Pollution is a well-known word to many younger generations. According to the EPA, Pollution is defined as the presence in or introduction into the environment of a substance or thing that has harmful or poisonous effects. If these substances naturally occur in the environment, they are considered “pollutants” when they exceed Earth’s natural levels. There are two types of pollution on the planet today:
Primary Pollutants: A pollutant that is emitted directly from its source.
- Carbon Monoxide (CO)
- Oxides of Nitrogen (NOx, NO)
- Nitric Oxide (NO)
- Sulfur Oxides (SOx)
- Sulfur Dioxide-SO2
- Volatile Organic Compounds (VOCs)
- Particulate Matter (dust and ash particles)
- Particles with the size between 4-10 parts per million (PPM) are harmful to humans.
Carbon Dioxide contributes to the greenhouse-effect on Earth.
Interesting fact: Contrary to belief, Carbon dioxide is not a primary pollutant or even considered a pollutant at all. Scientists deem CO2 not a pollutant because it does not affect the general welfare of people. However, there is a correlation with the levels of carbon dioxide and global temperature. When CO2 levels rise, the global temperature is said to increase. The CO2 levels on Earth naturally fluctuate, but with increased levels of industrialization, CO2 levels have been the highest on record. As a result of these high levels of carbon dioxide, global temperatures are reaching record highs as well. When global temperatures rise by only a few degrees, the Earth could experience extreme consequences such as a reduction in agriculture production, forest depletion, coastal flooding, extreme tropical storms, and health problems. So, although CO2 is not a pollutant, it still can contribute significantly to the greenhouse effect and global temperatures. Critics even say rising levels of CO2 can contribute to plant growth.
Secondary Pollutants: Pollutants that are not directly emitted as such, but forms when other pollutants (primary pollutants) react in the atmosphere.
- Acid Rain
L.A is one of the cities in the U.S known for high levels of smog.
What: Smog Issues
Where: Los Angeles, California
Smog is a hazy, yellowish or blackish fog formed mainly by a mixture of pollutants in the atmosphere which consists of fine particles and ground level ozone. Smog is known as a secondary pollutant. Secondary pollutants are formed when primary pollutants mix with the air.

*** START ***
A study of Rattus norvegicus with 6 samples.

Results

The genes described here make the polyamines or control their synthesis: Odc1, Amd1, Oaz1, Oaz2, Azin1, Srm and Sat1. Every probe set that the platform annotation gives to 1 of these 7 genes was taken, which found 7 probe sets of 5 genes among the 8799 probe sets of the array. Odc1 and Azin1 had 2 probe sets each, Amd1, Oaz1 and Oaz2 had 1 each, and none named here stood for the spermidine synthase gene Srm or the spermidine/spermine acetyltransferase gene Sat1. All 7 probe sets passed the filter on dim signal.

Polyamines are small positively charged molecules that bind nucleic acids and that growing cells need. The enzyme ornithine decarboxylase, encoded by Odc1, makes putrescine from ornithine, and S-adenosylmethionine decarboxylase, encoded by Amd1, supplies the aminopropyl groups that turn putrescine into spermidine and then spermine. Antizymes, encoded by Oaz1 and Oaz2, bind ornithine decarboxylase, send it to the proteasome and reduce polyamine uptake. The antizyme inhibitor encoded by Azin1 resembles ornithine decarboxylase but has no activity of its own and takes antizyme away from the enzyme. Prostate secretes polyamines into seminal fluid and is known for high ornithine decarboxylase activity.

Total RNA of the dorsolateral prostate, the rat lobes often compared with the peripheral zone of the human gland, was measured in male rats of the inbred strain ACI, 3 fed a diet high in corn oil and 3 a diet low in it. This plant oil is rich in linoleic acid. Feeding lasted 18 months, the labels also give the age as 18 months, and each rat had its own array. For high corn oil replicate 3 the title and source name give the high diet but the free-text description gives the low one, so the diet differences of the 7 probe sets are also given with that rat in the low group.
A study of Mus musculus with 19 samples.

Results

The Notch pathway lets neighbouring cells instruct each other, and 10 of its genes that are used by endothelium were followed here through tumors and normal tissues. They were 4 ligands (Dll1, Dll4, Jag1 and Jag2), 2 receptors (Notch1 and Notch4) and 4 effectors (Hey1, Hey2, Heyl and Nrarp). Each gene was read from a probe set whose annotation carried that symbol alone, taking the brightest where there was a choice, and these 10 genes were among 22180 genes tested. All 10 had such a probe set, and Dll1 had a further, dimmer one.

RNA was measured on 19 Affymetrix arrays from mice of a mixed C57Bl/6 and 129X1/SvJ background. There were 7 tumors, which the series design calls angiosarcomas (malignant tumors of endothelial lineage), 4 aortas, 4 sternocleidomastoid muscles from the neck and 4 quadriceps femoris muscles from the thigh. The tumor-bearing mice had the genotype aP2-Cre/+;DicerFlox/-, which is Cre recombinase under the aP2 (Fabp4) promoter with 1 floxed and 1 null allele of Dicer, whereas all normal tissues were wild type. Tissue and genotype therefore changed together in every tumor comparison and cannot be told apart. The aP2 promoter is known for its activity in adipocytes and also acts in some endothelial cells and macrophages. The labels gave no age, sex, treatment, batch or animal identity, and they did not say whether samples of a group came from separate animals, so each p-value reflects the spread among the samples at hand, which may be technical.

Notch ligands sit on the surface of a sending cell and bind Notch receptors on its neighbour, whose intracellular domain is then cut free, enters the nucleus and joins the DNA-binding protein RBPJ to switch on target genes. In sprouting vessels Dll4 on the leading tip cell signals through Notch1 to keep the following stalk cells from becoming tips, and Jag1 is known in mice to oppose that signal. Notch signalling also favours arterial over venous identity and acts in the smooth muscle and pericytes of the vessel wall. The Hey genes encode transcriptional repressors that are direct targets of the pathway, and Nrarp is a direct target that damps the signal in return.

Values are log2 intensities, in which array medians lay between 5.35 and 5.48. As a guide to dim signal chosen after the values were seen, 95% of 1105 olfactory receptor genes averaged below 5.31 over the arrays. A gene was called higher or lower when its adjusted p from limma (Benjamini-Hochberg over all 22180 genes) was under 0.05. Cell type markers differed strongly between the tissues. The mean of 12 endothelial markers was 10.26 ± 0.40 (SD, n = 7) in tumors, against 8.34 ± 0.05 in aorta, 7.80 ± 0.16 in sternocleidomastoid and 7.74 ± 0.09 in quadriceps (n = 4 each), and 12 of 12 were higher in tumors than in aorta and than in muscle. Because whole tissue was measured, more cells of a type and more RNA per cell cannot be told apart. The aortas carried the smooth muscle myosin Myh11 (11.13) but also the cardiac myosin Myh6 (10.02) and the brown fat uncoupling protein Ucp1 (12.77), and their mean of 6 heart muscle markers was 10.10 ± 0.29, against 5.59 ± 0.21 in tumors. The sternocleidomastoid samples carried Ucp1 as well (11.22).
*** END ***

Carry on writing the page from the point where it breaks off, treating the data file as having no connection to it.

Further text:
The first ingredient to smog is particulate matter. Particulate matter is released into the air because of the combustion of fossil fuels, particularly coal. The second component to smog is the ground level ozone, also known as “bad’ ozone. Ground level ozone is created by the chemical reactions between oxidized nitrogen atoms (NOx compounds) and volatile organic compounds (VOC’s) in the presence of sunlight. When all of these things occur and interact, smog is produced.
L.A is particularly vulnerable to smog conditions due to the large population of about 33 million people, non-stop traffic, terrain, and sunny climate. Due to the large population, there is a large amount of fuel combustion that is happening in a concentrated area. Along with this, California’s rocky terrain traps this pollution and forms a layer of ground-level ozone. Lastly, weather in L.A is mostly warm and muggy. When all of these factors come together, they contribute to the unhealthy levels of air pollution that effect the city of Los Angeles, California. During the hot summer months, smog is typically a common issue.
Breathing in smog can lead to a variety of health issues. Among these health issues, short and long-term respiratory problems can develop and people with asthma experience an increased chance for having an attack. According to an article written by The Los Angeles Times, the summer of 2016 was the worst year for smog since 2009.
What can you do to decrease pollution?
- Commute by mass transit or carpool
- Choose a fuel-efficient vehicle or hybrid
- Save energy in your house by turning off the lights, unplugging appliances when not in use and purchasing energy-efficient appliances.
- Buy energy-efficient appliances. The Energy Rating web site will help you select energy efficient appliances: www.energyrating.gov.au
- Use environmentally friendly cleaning products.
Things companies are implementing:
- Carbon catchers
- Carbon capture or sequestration is the process of capturing waste carbon dioxide from fossil fuel power plants, transporting it to a storage site, and burying it underground. By doing this, the CO2 will not be able to enter the atmosphere.
- Bag Houses
- A bag house is an air pollution control device that removes particulates out of the air or gas released from commercial processes or combustion for electricity generation.
This is a bag house dust collector used in a commercial facility.
There are a variety of negative effects that can cause harm if we continue to emit the same levels of pollution. The U.S and China in particular are responsible for over 50 percent of the world’s emissions therefore, if we don’t try to correct these issues in the near future, the Earth and the people that inhabit it will experience severe consequences.